The Guam Visitors Bureau outlined some of the potential adverse effects to the tourism industry that would come from a bill that seeks to increase the hotel occupancy tax from 11 percent to 15 percent.
GVB is opposed to the bill, GVB President and CEO Nathan Denight told members of the Rotary Club of Guam on Thursday.
“We definitely understand," he said of the government's revenue shortfall.
However, raising the hotel room tax "is very troubling to our members,” he added.
In an effort to cover a projected $145 million revenue shortfall in the coming fiscal year, Speaker Benjamin Cruz introduced Bill 314-34, which would increase the hotel occupancy tax, and Bill 315-34, which proposes raising the business privilege tax to 5.5 percent. The BPT was at 4 percent before it was temporarily increased to 5 percent earlier this year.
Both tax increases would take effect on Oct. 1, if enacted into law.
Denight said Guam generally is seen as an expensive destination, especially by Japanese tourists.
He said a letter to GVB from the Japan Outbound Travel Council confirms that Guam already is seen as a “relatively expensive destination for what it has to offer.”
Denight also expressed concerns over the impact of the proposed bill to the existing negotiated contracts with travel wholesalers.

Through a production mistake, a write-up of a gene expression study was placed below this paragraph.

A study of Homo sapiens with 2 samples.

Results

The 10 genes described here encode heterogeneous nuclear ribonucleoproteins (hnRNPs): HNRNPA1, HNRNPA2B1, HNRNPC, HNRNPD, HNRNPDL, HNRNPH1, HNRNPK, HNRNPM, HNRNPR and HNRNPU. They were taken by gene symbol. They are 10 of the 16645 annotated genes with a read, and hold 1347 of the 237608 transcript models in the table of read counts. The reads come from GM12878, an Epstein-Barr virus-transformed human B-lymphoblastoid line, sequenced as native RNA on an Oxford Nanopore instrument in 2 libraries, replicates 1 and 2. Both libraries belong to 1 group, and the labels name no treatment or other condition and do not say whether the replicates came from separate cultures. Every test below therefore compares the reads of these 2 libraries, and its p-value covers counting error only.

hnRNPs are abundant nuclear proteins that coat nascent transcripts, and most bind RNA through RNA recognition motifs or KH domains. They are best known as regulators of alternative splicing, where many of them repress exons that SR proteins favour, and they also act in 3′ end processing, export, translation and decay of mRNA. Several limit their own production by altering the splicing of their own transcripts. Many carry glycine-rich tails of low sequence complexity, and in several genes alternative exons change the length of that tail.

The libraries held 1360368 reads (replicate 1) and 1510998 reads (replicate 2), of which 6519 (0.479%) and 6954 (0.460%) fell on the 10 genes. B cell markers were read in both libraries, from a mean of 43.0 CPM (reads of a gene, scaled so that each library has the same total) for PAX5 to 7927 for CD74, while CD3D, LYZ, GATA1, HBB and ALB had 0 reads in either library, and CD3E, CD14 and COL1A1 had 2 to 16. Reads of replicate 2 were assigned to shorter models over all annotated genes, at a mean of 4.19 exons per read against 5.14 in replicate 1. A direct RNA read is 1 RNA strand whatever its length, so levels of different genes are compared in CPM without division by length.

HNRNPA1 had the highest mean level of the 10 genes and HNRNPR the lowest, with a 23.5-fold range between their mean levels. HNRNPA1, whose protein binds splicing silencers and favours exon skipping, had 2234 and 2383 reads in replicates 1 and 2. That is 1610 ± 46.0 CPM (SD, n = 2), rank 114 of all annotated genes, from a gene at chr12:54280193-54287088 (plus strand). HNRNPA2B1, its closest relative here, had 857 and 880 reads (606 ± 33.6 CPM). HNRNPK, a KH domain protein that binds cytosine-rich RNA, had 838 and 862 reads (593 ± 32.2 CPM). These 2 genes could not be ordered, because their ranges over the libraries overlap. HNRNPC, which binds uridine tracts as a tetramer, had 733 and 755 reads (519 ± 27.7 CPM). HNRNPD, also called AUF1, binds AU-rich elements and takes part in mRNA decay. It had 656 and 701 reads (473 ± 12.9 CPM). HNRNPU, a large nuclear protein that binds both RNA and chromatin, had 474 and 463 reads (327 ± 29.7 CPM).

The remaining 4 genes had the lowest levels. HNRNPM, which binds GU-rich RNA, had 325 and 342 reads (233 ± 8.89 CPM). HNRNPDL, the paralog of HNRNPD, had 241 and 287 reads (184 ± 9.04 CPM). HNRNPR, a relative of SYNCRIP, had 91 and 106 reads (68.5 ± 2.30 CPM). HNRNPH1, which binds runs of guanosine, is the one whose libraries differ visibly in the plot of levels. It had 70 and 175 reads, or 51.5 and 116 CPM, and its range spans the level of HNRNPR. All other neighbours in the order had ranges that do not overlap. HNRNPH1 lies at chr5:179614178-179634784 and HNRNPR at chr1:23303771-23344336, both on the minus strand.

According to Denight, hotels negotiate contracts with travel wholesalers up to one year in advance. Most contracts are signed and in place beginning April 1 to March 30 of the following year.
These contracts include all current applicable taxes, including the gross receipts tax and hotel occupancy tax at their current rates.
Denight said should the increase take effect, hotels would be forced to absorb the additional costs throughout their current contracts. In turn, this may affect the hotel’s ability to hire or maintain its current workforce.
Each hotel assesses the gross receipts tax of 5 percent on the room rate and charges the 11 percent hotel room tax on top of that, according to Denight. This adds a 16 percent tax on the hotel room stay. With the 15 percent HOT, the taxes paid on a hotel room night would balloon to 20.5 percent.
Guam’s current average daily rate is $207.75. A 20.5 percent tax amounts to $42.59, bringing the total room-per-day cost to $250.34, according to Denight.
In announcing the new tax proposals this week, the speaker, in a release, said: “I don’t like either of the bills I introduced today, but no one can cut their way out of a $145 million shortfall without catastrophic consequences. The math is simple. If we don’t replace some of the revenue we’ve lost, we will lose much more than money on Oct. 1st.”
Bill 314-34 will be heard publicly on July 16.